A bejewelled medieval dagger from the Mughal courts of India will be the showpiece of a major auction here at Christie's next week as part of its Islamic Art Week sale.
The pistol-grip pale jade hilt of the dagger or 'khanjar' (Lot 145) set with diamonds, rubies, emeralds, yellow sapphires and coloured gemstones dates back to the 17th century and is expected to fetch between 100,000 to 150,000 pounds.
"It is definitely the top lot among the Indian works, which also include some great paintings as well as works on paper such as manuscripts," said Sara Plumbly, head of the Islamic and Indian Department at Christie's at King Street, London.
"The market for Indian works of art has really strengthened, especially over the last two years. With every sale we see new buyers emerging," she added.
The Islamic Art Week sale at Christie's, between April 8 and 11, also includes the sale of Oriental rugs and carpets and is preceded by an exhibition open to the public over the weekend.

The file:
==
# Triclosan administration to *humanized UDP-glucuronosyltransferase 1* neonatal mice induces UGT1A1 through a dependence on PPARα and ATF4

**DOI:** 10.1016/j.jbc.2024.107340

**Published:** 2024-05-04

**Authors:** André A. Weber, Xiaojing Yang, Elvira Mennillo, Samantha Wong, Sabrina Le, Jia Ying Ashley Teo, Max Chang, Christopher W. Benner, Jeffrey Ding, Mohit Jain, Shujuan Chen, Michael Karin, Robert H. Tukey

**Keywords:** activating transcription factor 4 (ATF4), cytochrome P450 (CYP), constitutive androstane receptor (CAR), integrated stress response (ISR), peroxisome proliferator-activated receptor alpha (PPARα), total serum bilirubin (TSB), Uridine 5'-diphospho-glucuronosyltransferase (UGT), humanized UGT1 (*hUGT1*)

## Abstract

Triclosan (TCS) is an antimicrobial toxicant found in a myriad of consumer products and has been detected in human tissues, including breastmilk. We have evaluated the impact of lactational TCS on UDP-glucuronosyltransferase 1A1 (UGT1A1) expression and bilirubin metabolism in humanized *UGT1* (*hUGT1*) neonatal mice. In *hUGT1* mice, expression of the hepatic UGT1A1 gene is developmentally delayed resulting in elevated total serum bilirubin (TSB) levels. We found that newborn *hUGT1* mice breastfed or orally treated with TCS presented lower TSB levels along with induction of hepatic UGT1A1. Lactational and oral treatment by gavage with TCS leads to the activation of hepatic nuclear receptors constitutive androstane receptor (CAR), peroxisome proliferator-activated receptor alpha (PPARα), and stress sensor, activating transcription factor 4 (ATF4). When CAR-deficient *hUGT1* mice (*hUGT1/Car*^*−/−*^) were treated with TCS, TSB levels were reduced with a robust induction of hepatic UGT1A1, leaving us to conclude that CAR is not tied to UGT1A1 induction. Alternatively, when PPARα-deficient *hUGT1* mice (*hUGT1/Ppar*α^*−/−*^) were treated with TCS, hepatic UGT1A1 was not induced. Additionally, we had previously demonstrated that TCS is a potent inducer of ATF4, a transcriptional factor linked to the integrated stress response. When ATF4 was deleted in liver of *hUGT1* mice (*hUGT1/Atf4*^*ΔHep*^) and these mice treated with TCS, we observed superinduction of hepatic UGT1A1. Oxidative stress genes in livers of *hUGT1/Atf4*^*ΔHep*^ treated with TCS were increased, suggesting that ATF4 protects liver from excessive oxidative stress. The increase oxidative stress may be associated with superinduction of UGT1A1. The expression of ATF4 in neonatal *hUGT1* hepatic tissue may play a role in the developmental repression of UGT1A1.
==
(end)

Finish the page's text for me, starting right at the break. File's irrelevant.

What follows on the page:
Another highlight from the Mughal courts of India is a high quality jade pendant (haldili) priced between 15,000 and 20,000 pounds and elegantly inscribed with verses from the Quran dating back to 1597-98 AD, making it the earliest known Mughal jade.
"At this moment in the late 16th century the Emperor Akbar was still the head of the Mughal Empire but his young son - Prince Salim (later Emperor Jahangir) - was beginning to make his play for power.
"Although there are very few extant Mughal jades that can be plausibly attributed to the period of Akbar's reign, the existence of such works may be inferred through the visit to the imperial court in 1563 of a Central Asian jade merchant Khwaja Mu'in who was the overseer at the main jade-bearing river in Kashgar," Christie's said in a statement.
A folio from an important Mughal album made for the Emperor Shah Jahan in around 1620 is estimated to fetch between 30,000-50,000 pounds.
Indian art is also well represented with Mughal works as well as paintings from the Punjab Hills, South India and the Deccan.
Included in the small selection of paintings of Sikh interest is a portrait of Rani Jindan, Maharaja Ranjit Singh's youngest wife (1,500 pounds).
Rani Jindan was the mother of Maharaja Duleep Singh and became the regent when her son ascended the throne when he was only 5.
She died in London in 1863.
On April 10, the sale of art of the Islamic and Indian worlds includes a private collection donated to benefit the University of Oxford, covering works of art from across the Islamic world such as India, Turkey and Iran.